The sports industry really doesn’t like mothers. They are bad for business.
Don’t believe me? Take a look at WNBA star Skylar Diggins-Smith’s tweets about her recent experience with being pregnant and a mother as a professional athlete:
Still don’t believe me?
Consider how Nike recently treated Olympic gold medalist Allyson Felix. The multi-billion dollar brand dropped the World Champion after learning of her pregnancy because apparently a woman who is with child is bad for business. And it was just this year, after the world’s best tennis player made her postpartum return to the court, that the WTA stopped treating pregnant tennis players the same way they treated women who had been penalized and suspended for the use of banned substances.
See, it’s true. Organizations in the sports world treat pregnant women like they have the plague. They treat them like they are something to be avoided and unsupported. They penalize and handle female athletes for being mothers in a way that they have never and would never penalize male athletes who are fathers.
While it may be frustrating and disappointing to see the way the sports industry responds to pregnant athletes and athletes who have children; it’s unfortunately unsurprising. Society, especially in the United States, says that pregnancy and motherhood are bad for business. The United States is the developed country that fails to mandate paid maternity leave. What’s more, the longer a woman is out on maternity leave, the less likely she is to be promoted and the more likely she is to be demoted or fired. So sports organizations are just perpetuating the societal norms that dissuade women from simultaneously being professionals and mothers.
But it doesn’t have to be this way. Sports offers the opportunity to celebrate and highlight womanhood and athleticism. In an industry built on celebrating strength, organizations can and should look to develop policies and strategies that capitalize on, highlight and support the strength it takes female athletes to bear and raise children, rehabilitate their postpartum bodies and minds, and juggle performing as elite athletes while being present mothers. But they shouldn’t celebrate motherhood and pregnancy just because they are miracles and expressions of strength and love. Pregnancy and motherhood can actually be good for business.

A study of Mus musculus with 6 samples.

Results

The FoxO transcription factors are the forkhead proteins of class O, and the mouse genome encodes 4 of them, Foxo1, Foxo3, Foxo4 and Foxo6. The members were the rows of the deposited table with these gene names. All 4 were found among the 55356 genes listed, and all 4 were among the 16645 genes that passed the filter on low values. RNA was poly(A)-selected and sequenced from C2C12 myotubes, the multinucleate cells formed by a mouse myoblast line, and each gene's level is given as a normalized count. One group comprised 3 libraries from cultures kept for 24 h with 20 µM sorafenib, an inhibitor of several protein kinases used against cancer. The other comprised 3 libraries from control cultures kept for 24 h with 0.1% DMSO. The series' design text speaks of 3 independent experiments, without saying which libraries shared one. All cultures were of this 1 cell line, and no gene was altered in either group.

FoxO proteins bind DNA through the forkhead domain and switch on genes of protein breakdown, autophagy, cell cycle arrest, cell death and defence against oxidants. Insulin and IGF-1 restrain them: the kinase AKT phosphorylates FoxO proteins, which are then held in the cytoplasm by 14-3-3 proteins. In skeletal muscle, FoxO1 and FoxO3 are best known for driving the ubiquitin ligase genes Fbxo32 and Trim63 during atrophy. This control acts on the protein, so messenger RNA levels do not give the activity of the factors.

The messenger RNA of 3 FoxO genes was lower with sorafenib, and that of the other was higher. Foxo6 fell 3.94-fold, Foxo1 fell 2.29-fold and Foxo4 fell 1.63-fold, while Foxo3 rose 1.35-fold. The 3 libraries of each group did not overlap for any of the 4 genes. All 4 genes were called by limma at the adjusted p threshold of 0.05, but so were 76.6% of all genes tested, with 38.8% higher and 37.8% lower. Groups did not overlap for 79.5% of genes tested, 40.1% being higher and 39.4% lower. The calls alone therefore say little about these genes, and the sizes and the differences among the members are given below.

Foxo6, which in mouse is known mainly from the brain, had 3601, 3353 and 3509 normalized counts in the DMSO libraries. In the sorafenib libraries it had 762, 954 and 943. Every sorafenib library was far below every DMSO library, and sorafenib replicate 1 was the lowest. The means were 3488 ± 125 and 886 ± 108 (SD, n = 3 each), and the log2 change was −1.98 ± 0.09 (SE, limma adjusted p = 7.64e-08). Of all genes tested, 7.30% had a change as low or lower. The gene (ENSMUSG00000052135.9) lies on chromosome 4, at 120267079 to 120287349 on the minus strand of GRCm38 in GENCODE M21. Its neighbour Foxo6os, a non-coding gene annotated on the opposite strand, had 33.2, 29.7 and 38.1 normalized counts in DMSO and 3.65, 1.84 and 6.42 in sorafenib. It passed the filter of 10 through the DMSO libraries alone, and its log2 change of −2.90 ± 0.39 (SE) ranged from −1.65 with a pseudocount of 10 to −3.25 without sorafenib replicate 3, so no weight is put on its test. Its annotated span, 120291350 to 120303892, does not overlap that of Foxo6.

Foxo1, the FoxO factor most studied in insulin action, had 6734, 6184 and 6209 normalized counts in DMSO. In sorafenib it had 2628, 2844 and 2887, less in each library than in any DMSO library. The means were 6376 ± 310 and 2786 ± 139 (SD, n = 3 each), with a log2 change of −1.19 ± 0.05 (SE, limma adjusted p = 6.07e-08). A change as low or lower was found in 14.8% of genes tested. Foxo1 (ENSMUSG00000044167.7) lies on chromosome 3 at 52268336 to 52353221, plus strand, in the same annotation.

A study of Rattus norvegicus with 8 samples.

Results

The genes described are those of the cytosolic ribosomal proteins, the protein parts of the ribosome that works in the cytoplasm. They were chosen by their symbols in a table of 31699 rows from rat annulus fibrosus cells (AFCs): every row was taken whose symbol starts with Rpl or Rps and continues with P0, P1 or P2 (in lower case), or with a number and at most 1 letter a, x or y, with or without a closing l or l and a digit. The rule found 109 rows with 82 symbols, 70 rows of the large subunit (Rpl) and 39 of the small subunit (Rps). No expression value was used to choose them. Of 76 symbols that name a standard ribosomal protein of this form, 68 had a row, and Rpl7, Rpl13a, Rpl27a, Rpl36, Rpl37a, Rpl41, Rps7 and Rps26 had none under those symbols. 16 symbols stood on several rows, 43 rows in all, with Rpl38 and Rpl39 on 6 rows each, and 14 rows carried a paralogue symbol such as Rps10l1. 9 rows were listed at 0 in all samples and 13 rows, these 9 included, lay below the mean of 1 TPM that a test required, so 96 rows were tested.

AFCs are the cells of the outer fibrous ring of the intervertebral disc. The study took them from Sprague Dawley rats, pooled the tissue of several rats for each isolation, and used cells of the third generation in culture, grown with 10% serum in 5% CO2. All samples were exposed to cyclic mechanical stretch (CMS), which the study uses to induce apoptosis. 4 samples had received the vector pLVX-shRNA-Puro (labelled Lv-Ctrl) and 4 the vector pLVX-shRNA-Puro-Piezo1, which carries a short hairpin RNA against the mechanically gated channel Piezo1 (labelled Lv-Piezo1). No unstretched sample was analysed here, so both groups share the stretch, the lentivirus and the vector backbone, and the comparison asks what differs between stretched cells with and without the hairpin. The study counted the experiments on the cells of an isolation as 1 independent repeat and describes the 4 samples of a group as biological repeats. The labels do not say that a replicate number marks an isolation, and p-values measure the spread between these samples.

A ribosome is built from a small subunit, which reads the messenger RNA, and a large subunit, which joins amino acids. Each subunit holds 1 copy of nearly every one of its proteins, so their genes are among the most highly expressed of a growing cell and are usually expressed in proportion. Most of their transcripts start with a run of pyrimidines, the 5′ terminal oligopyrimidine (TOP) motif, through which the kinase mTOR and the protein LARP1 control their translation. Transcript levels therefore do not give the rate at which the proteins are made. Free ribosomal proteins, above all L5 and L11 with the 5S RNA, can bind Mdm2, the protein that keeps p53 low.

Pregnant athletes and athlete moms open the doors for marketers to capitalize on the intersection of sports and motherhood. The maternity clothing industry is a $2 billion industry. The women’s sports apparel market is valued at $26.8 billion in an industry that is valued at over $167 billion. Can you imagine how much money Nike could make if they created a maternity line? There’s also space for female athletes to partner with brands in the $73.86 billion industry that provides goods for mothers and their babies. Think diapers, stretch mark creams, strollers and the like. Brands can and should make it commonplace to see familiar faces from the sports industry selling us OshKosh B’gosh and Pampers because there’s money to be made.
Pregnancy and motherhood don’t have to stop an organization from thriving. After all, female athletes have certainly shown that pregnancy and motherhood don’t stop their shine. Serena Williams won the Australian Open while pregnant, Diggins-Smith was a league leader while pregnant and Alysia Montaño ran in the USATF Championships twice while pregnant. What’s more, women have proven that they can return to elite athlete status following pregnancy. Felix broke Usain Bolt’s record for the most world titles after giving birth, Shelly-Ann Fraser-Pryce won her fourth World Championship gold after becoming a mother, and Serena has made multiple Grand Slam finals appearances after the birth of her daughter.
Since female athletes can win while pregnant and as mothers and there are opportunities for financial gains in the sports and maternity industries, organizations can and should invest in their athletes when they are pregnant and become mothers. Supporting athletes as they transition to motherhood looks like providing adequate physical and mental health care, creatively re-branding athletes during and following pregnancy and celebrating with athletes when they become mothers. It’s really not an expensive investment but it has the potential for great returns. If childless female athletes have created million dollar brands for themselves and their organizations, imagine the markets that they can tap into as the strong mothers they become.